Though many of us have been riveted by the Leveson Inquiry here in London, including star performances from Hugh Grant and the comedian Steve Coogan, and heart-rending testimony from those innocent relatives of murder victims and celebrities who have had their lives destroyed or seen people driven to suicide, the expose of the methods and practices of the tabloid press shouldn't distract us.
Phone and computer hacking, surveillance and intimidation were rife at the tabloid end of Fleet Street: but the market leader in the practice, the one that set the modal monopoly that competitors were impelled to imitated, was Newscorp's tabloid titles - with the now closed News of the World the heart of darkness.
My fear about the Leveson inquiry, as I've said quite publicly on BBC and Al Jazeera, is that it would distract focus from the key issue of ownership. It is rather like a Watergate hearing into the connection between plumbing and burglary. These abuses of power only happen because power - mainly economic and political power - has accrued in a monopoly fashion that organisations can be corrupted this way.
So beyond the Leveson inquiry, the big international news in terms of Newscorp and its international hegemony is the resignation of James Murdoch from the board of the NGN, the subsidiary of Newscorp which owned the biggest selling English language newspaper, The News of the World, and still runs the best selling daily The Sun, and the prestigious though now bland titles, The Times and Sunday Times
James Murdoch quits the boards of Sun and Times
Companies House filings show James Murdoch has stepped down from the boards of both News Group Newspapers Limited, publisher of The Sun, and Times Newspapers Limited, which operates The Times and Sunday Times.
NGN used to operate the News of the World and remains embroiled in legal action over phone-hacking.
The departures come as James Murdoch also faces calls to quit as chairman of BSkyB at next week's annual general meeting. His decision means no member of the Murdoch family now sits on the boards of the flagship UK papers.Rupert Murdoch used to be a director of NGN and TNL but stepped down after his son took over as NI executive chairman in 2007. James Murdoch has also quit at least one other subsidiary, News International Holdings.
Tom Mockridge, former boss of Sky Italia who replaced Rebekah Brooks as NI chief executive in July, has taken over from him at NGN and TNL.
NI insisted that James, who was promoted to News Corp deputy chief operating officer in New York in April, was not walking away from the UK newspaper arm. A spokesman said: "James Murdoch doesn't step back from NI. He remains chairman."
He also continues as a director of key holding company NI Group Limited and of Times Newspapers Holdings, the editorial board set up in 1981 to ensure the independence of the paper when Rupert Murdoch bought it.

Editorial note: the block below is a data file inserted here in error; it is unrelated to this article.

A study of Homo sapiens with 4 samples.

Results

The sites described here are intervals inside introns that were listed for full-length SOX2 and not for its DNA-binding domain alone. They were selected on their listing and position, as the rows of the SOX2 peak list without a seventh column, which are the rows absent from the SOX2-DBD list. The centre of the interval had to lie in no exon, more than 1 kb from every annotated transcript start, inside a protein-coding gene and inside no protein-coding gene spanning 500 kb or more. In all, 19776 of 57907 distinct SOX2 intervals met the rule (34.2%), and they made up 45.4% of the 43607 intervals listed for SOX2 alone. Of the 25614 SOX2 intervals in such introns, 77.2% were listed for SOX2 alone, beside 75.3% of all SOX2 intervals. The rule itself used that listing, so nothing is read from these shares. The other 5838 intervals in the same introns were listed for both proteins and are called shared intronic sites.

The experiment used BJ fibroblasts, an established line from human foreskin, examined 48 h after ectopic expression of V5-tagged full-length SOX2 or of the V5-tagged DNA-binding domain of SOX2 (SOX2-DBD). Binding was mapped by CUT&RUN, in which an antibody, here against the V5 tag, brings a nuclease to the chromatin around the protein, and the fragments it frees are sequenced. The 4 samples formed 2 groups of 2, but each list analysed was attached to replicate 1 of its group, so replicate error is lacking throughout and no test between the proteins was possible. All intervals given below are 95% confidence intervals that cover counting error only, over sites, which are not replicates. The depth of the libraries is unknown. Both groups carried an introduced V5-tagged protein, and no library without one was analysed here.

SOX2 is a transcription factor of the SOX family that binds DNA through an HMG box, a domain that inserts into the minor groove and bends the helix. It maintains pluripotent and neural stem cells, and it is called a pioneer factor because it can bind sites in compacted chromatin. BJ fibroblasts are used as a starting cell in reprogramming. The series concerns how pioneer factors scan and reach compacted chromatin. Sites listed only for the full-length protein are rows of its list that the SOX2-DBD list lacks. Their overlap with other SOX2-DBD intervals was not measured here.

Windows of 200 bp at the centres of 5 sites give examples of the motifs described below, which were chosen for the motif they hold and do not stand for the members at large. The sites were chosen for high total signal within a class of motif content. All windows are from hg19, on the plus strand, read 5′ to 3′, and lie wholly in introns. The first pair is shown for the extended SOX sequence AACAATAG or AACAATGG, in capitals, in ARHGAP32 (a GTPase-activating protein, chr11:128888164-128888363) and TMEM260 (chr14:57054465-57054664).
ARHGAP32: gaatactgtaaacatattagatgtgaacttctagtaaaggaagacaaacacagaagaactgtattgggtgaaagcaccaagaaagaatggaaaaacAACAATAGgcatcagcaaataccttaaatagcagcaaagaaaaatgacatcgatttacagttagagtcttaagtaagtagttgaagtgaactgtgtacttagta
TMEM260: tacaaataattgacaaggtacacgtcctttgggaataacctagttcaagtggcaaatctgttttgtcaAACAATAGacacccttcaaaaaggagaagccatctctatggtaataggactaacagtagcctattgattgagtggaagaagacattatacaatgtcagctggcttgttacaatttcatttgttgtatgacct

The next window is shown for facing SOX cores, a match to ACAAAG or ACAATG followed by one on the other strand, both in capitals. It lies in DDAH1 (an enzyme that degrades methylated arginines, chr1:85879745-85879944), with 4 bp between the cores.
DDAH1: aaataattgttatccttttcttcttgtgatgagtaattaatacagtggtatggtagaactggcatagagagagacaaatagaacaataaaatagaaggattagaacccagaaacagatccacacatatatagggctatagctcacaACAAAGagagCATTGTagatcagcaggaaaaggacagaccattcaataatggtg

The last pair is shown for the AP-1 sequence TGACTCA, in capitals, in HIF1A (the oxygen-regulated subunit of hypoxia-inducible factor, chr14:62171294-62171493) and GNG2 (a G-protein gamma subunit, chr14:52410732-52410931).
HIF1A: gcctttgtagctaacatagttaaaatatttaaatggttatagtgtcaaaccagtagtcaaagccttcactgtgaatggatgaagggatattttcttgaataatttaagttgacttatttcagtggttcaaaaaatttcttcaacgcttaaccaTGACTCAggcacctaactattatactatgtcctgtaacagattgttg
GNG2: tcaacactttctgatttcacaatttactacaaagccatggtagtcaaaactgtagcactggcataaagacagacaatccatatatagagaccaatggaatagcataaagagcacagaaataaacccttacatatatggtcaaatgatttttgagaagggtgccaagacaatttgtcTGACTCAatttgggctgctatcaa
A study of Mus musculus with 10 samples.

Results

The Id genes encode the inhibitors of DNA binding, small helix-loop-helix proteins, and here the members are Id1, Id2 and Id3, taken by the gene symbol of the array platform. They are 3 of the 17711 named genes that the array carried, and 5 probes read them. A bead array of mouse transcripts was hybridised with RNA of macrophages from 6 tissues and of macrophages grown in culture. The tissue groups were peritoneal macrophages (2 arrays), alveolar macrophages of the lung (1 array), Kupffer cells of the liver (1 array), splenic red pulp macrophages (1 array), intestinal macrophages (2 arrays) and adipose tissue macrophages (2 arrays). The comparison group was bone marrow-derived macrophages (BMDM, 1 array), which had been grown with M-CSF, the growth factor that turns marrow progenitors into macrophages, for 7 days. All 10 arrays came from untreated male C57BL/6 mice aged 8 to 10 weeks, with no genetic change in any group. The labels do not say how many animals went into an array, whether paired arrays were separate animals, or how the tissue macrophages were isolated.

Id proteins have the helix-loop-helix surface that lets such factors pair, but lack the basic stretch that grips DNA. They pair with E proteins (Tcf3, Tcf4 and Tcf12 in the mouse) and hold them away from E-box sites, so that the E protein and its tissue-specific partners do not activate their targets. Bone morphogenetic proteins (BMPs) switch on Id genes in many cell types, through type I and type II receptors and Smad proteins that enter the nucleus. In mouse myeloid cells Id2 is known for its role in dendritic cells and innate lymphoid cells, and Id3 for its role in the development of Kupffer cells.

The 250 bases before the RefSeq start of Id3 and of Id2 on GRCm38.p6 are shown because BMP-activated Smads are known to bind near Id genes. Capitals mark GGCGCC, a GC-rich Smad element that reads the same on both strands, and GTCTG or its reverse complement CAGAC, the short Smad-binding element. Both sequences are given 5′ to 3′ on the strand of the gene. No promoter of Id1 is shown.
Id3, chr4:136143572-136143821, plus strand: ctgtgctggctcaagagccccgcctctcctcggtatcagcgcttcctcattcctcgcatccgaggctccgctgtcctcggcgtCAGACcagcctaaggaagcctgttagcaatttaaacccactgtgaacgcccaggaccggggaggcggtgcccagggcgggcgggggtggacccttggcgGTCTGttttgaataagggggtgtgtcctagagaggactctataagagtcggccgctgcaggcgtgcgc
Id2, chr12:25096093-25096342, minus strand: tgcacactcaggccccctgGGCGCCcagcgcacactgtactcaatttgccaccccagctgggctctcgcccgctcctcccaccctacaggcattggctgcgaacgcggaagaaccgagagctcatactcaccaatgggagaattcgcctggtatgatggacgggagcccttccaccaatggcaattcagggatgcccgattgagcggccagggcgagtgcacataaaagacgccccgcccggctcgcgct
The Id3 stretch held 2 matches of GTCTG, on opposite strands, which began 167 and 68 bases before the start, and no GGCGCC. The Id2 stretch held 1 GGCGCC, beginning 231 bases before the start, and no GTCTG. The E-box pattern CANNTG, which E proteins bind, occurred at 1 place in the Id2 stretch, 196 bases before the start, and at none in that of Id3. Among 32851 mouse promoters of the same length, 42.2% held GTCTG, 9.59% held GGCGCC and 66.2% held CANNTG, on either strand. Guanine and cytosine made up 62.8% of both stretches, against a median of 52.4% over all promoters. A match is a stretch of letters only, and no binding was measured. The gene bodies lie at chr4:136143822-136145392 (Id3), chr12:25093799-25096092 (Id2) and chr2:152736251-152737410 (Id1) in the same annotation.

However, those close to Murdoch say he now has a more hands-off role.
Claire Enders, founder of Enders Analysis, said: "Because it is inescapable that there will be some kind of censure from the Culture, Media and Sport select committee, it is inevitable that people will say maybe you've got too much on your plate, it makes sense to step back from some of the roles." But Enders said Murdoch still faces intense pressure as the police investigate hacking at the News of the World.
"He can step down from all these positions but he won't stop any of the other issues
As was detailed in my penultimate diary, there are suggestions from police sources that undeleted emails found by the Weeting Investigation prove that James knew about the extent of phone hacking at NOTW, and has deceived parliament or - more injuriously - been involved in an extensive coverup.
We don't know yet if this is related to that, or just a tactical retreat, but from past experience of the resignations of Rebekah Brooks and Les Hinton are anything to go by, this is another sign we're at the beginning of the end of the Murdoch media dynasty.
So much more discuss about the evidence this week, so please use the comments section to discuss anything related to the Fall of the House of Murdoch.
Meanwhile please support the crowd funded book, Bad Press: Fall of the House of Murdoch - illustrated by fellow Kossack Eric Lewis. Video and book outline coming soon.
James Murdoch trying surgical resignations to save himself--resigning from uk newspaper boards, but boards still report to him. Murdochian.
9:30 AM PT: NI is trying to spin this as 'nothing to see' but even Reuters sees through that
Ivor Gaber, professor of political journalism at London's City University, said the move could indicate that Murdoch was still worried over his own exposure to the phone hacking scandal or that News Corp was preparing to sell its UK newspaper holdings.
12:38 PM PT: Worth reiterating the Murdochian/Machiavellian dimension of this, as pointed out by Virginislandguy in the comments
Let me present a different take on James' resignations and your excellent diary about their major sale of stock.
First, that the Murdochs recognize family control of NI and succession of Elisabeth to CEO is untenable. I think they are engineering a spinoff of those media properties Liz wants to manage and some newspapers sentimental to Rupert (yeah, I wrote sentimental and Rupert in the same sentence).
The rump NI would no longer have the Murdoch Discount but would retain the civil hacking liabilities. The hedgies buying NI stock may be betting that this plus the breakup value will be very profitable.